I selected this novel from our reading group list because I’ve always been drawn to art and artists, and have watched so many films in which the artistic process is represented: ‘Vince and Theo’ and ‘Turner’ are favourites, as is ‘The Girl with the Pearl Earring’ – all films in which enthralling artistic and creative processes are dramatised. I hadn’t read or even heard of ‘The Danish Girl’ until I saw the trailer for the film. Owing to the stunning cinematography apparent in that trailer I immediately felt compelled to watch it at the cinema – and on my own too (my very first time).
The expansive Danish sets are gorgeous: and the streets, the studio interiors and painting set-ups, and even the soundtrack, all add up to make the first part of the film a visual and audio kaleidoscope from which I could not drag myself. I’d hoped that the book might express this glorious artistry just as the film had. That was the reason I selected this book. Unfortunately I was disappointed.
The story is loosely based on the real life story of Greta (Gerda in the film) and Lili (who begins the story as Greta’s husband Einar). They are both painters who, when the story begins, live in Denmark in the year 1925. Their painting styles are very different, as are their characters. Soon, Einar is encouraged to dress as a female ballet dancer to assist Greta with a portrait, and his female-dressed persona, Lili, grows massively in importance, seeming sometimes like a parasite, and other times like a second personality. Interestingly, as time goes on, it becomes apparent it is Einar who is the parasite.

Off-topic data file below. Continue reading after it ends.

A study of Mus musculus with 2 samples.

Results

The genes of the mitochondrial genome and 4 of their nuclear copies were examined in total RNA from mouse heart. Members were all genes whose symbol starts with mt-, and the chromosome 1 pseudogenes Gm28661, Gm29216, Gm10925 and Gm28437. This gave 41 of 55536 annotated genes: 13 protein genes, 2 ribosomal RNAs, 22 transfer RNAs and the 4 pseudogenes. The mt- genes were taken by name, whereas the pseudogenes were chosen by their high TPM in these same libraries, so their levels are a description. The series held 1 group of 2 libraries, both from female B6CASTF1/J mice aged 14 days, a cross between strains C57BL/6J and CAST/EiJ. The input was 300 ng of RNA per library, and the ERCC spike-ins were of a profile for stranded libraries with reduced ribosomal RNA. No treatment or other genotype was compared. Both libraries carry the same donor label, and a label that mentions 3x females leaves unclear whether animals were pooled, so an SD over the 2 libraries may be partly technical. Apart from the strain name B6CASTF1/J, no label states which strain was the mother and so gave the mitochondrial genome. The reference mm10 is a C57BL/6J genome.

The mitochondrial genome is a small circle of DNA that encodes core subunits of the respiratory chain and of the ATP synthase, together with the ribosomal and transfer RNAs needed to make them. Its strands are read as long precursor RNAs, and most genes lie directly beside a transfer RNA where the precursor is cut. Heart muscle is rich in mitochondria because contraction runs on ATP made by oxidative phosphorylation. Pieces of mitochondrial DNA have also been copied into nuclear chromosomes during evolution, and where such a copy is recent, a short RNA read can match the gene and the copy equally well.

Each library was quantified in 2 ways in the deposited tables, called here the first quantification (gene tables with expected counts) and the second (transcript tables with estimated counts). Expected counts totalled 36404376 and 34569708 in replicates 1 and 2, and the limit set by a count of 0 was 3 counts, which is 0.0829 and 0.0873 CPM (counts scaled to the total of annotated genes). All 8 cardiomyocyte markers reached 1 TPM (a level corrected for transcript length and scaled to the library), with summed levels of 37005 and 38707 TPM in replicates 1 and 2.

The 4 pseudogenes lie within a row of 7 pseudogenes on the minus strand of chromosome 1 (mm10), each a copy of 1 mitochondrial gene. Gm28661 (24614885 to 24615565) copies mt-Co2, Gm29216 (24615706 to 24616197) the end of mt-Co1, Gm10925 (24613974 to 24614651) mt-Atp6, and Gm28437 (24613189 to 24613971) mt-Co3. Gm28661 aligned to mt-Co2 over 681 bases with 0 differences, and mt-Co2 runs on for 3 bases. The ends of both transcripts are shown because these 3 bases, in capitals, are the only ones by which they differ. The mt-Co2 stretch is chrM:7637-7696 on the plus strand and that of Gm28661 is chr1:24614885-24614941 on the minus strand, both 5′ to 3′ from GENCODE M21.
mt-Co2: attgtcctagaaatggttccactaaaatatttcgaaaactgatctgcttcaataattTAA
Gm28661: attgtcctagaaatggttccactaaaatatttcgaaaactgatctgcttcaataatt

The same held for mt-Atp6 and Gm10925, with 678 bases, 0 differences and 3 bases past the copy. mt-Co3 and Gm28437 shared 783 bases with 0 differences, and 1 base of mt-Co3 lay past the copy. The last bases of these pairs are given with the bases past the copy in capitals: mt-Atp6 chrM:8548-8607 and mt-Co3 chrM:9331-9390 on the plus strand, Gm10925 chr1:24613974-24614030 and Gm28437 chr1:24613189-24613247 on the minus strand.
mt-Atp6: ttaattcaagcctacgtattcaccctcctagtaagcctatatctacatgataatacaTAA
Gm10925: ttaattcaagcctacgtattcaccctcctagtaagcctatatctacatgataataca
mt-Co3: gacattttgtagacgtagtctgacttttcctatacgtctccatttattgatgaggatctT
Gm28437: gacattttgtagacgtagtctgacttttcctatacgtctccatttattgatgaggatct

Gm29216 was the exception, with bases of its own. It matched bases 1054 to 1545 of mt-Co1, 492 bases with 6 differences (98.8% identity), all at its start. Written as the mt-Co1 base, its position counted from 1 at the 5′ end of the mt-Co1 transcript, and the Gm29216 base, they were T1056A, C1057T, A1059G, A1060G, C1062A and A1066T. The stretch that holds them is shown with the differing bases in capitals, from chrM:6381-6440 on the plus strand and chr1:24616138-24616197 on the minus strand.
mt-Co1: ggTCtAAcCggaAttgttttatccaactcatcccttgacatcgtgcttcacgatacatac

This first section is my favourite part of the book. Visually gorgeous on film, it reads reasonably well too, being psychologically rich and complex (though I don’t believe I would relate to it this way, had I not seen the film first). However, though I have no problems whatsoever regarding gender issues, and completely empathise with Einar’s terrible health problems and feeling of gender displacement, it is at the point at which he seeks medical help that the book (and the film, to a large extent) fall apart for me. Though there were some touching moments and many terrifying, unpleasant and horrific moments, I felt massively disconnected from the characters, particularly Einar, once the tale became an excruciating psycho-medical drama of gender reassignment, rather than an artistic biography with deep characterisations. That’s a very personal perspective, of course, and I’m aware that for many viewers, the art will never be anything but incidental to this particular story.
I was reluctant to complete the book. I knew that the tale would end with the painful fading of Lili, who had risked, lost and gained so much. I finished reading the book about 7/8ths of the way through, and was content to leave it there. I could happily re-watch the first half hour of the film, ‘The Danish Girl’ but feel no compulsion whatsoever to trawl through any part of David Ebershoff’s novel again. Though he’s undoubtedly an interesting writer, and the subject matter should have tugged at my heartstrings, I just couldn’t feel involved. Without that, I struggle to continue with any story.
I wanted to adore this book, but I was mainly disappointed and bored. The book dragged, being two or three times longer than it needed to be, and was far too full of graphic content for my liking, and those parts really were not appealing or easy to read!